This week the Norwegian Nature Inspectorate (Statens naturoppsyn, SNO) with permission of its parent entity the Norwegian Environment Agency (Miljødirektoratet) killed a herd of muskoxen. All 10 members of the herd were females (it’s not clear if some were calves), and all were put down without discrimination.

So what has this herd of muskoxen done? They had crossed the line.

Map showing the commune of Lesja and the muskox management area

The Miljødirektoratet has a management plan for the muskoxen in Dovre. The plan was first suggested in 1988 as a way of ensuring a viable population and to define how the spread of muskoxen would be handled. After much negotiation, the plan was finally approved in 1996, and then updated in 2006. The plan designates an area of 340 square kilometers as the allowable muskox range (kjerneområde). The communes of Oppdal, Dovre and Lesja all have parts of their communes within the range. The goals of the 2006 plan include:

1. The muskox population shall be able to grow as naturally as possible within the defined management area. (Moskusstammen skal få utvikle seg mest mulig naturlig innenfor et definert kjerneområde.)
2. Muskoxen shall not establish themselves on a year-round basis outside of the defined management area. (Moskusen skal ikke etablere seg på helårsbasis utenfor det definerte kjerneområdet.)

In January 2013, this herd moved from the designed management area further west into the commune of Lesja. (It wasn’t the first time a herd had moved that far into Lesja: a news report from 1984 noted a herd had moved into Dalsiden, a long way from the current management area.) In the spring and early summer of 2013, this herd had come down into the valley to graze and then retreated into the mountains for the winter. Now the herd had been spotted again coming down the mountains, so all the animals were killed. SNO does not consider driving the animals on foot or drugging them and relocating them as effective alternatives.

One of a herd of three muskox put down in 2011 in Oppdal commune outside of the designated management area. Photo from http://www.miljodirektoratet.no/no/Nyheter/Nyheter/Nyhetsarkiv/2011/4/Tre-moskuser-felt-i-Oppdal/

One of a herd of three muskox put down in 2011 in Oppdal commune outside of the designated management area. Photo from Miljødirectoratet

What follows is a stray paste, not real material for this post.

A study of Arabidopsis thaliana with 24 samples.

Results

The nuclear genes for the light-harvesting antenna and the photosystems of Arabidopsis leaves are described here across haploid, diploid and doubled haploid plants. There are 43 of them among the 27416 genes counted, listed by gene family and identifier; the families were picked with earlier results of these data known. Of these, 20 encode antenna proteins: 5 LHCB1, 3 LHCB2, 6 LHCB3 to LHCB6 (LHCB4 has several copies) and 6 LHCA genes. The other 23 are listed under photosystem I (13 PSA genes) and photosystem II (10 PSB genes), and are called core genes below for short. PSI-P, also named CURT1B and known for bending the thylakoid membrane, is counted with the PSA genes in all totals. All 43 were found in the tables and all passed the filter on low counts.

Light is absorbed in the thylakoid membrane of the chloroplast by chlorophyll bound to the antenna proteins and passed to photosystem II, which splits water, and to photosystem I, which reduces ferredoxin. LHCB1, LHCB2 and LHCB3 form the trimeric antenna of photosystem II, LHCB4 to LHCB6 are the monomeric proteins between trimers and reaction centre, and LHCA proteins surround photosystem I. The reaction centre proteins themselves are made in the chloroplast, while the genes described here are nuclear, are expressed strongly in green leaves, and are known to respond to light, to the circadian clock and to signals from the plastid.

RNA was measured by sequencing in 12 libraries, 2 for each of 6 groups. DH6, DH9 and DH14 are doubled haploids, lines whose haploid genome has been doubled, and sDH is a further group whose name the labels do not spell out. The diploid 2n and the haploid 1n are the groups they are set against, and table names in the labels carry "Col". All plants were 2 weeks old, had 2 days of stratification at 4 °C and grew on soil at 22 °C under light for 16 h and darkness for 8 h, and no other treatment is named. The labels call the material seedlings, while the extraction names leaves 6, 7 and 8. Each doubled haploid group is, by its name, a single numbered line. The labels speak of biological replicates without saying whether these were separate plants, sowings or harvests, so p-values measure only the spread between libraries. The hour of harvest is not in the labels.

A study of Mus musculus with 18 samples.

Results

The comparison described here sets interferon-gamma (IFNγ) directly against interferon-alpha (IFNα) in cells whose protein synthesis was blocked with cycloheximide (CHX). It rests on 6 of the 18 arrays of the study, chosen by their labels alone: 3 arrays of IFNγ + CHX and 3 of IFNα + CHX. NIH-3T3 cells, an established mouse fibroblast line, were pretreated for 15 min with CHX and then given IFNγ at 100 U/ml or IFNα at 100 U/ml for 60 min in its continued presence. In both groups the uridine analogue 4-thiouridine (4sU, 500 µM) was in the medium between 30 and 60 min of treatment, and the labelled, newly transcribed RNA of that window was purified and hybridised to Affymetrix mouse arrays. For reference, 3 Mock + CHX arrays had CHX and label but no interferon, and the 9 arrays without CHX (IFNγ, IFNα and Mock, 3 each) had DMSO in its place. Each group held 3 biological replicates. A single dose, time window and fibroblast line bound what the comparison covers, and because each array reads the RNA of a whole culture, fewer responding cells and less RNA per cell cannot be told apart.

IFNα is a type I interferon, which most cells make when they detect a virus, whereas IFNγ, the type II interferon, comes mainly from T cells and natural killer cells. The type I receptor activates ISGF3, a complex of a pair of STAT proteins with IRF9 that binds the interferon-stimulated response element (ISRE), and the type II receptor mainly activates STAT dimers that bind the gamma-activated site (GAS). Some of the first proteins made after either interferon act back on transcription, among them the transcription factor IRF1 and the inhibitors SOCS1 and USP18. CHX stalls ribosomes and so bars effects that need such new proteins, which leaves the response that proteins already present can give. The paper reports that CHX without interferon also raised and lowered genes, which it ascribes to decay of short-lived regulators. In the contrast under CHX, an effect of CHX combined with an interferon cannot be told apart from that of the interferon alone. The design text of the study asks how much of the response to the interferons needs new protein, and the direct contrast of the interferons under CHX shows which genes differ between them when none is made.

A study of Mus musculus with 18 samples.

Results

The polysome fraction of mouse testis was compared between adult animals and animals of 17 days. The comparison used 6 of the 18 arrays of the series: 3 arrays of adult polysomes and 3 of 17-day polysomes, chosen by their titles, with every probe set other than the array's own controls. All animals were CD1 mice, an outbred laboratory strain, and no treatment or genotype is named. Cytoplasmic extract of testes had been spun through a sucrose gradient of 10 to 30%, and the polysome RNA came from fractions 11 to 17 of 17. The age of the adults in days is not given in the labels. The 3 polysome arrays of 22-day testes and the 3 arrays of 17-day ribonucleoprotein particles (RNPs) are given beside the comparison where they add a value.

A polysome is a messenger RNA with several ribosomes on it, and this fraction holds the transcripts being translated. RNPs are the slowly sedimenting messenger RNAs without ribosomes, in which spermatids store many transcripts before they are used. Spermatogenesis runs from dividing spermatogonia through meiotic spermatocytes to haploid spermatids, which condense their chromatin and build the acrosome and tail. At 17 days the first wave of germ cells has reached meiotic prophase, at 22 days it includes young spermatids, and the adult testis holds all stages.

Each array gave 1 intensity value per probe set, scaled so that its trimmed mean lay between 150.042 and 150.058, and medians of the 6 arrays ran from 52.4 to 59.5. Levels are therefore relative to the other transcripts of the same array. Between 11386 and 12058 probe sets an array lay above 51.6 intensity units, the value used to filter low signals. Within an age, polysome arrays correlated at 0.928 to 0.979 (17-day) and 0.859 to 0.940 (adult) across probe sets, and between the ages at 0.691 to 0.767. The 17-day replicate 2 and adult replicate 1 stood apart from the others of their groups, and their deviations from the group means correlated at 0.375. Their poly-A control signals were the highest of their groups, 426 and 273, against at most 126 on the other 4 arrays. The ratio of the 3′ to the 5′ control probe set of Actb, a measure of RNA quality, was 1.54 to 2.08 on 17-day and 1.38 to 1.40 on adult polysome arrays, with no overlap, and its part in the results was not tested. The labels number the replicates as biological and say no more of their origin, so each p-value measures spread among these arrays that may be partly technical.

In the 1950s to 80s, the typical muskox ‘put down’ was a single individual who has strayed far away from the others. These were seen as troublemaking animals that might attack people or livestock. But since the development of the management plan, whole herds that have moved outside of the area have also been put down, such as a herd of 4 in Sunnsdal (2011) and a herd of 3 between Oppdal town center and Åmotsdalen (2011). In these cases, the animals had not caused any conflicts at the time in which they are killed. Rather, the killing is seen as a precautionary measure to avoid potential conflict with humans.

What’s interesting about this is how the precautionary management tone assumes that people and muskox really can’t live together–that conflict is inevitable. Perhaps the managers are right that people aren’t willing to live with muskox, just like they are unwilling to live with wolves and bears. Or perhaps people would be more patient and understanding if they knew what to expect from muskoxen. I don’t know.

The muskox appetizer served with dinner at Kongvolds fjeldstue, Norway

The muskox appetizer served with dinner that I ate in June 2013 at Kongvold fjeldstue, Norway.

The meat and skins will be sold with the proceeds supporting Norwegian wildlife management activities. The meat is served at Kongsvold fjeldstue in Drivdalen, where muskox is regularly on the menu, and will also be made into muskox sausage. I had a chance to eat some muskox at Kongvold fjeldstue last year and it was tasty, but I don’t think I’ll eat more now. Knowing that it might be made of this herd who crossed the lines would leave a bad taste in my mouth.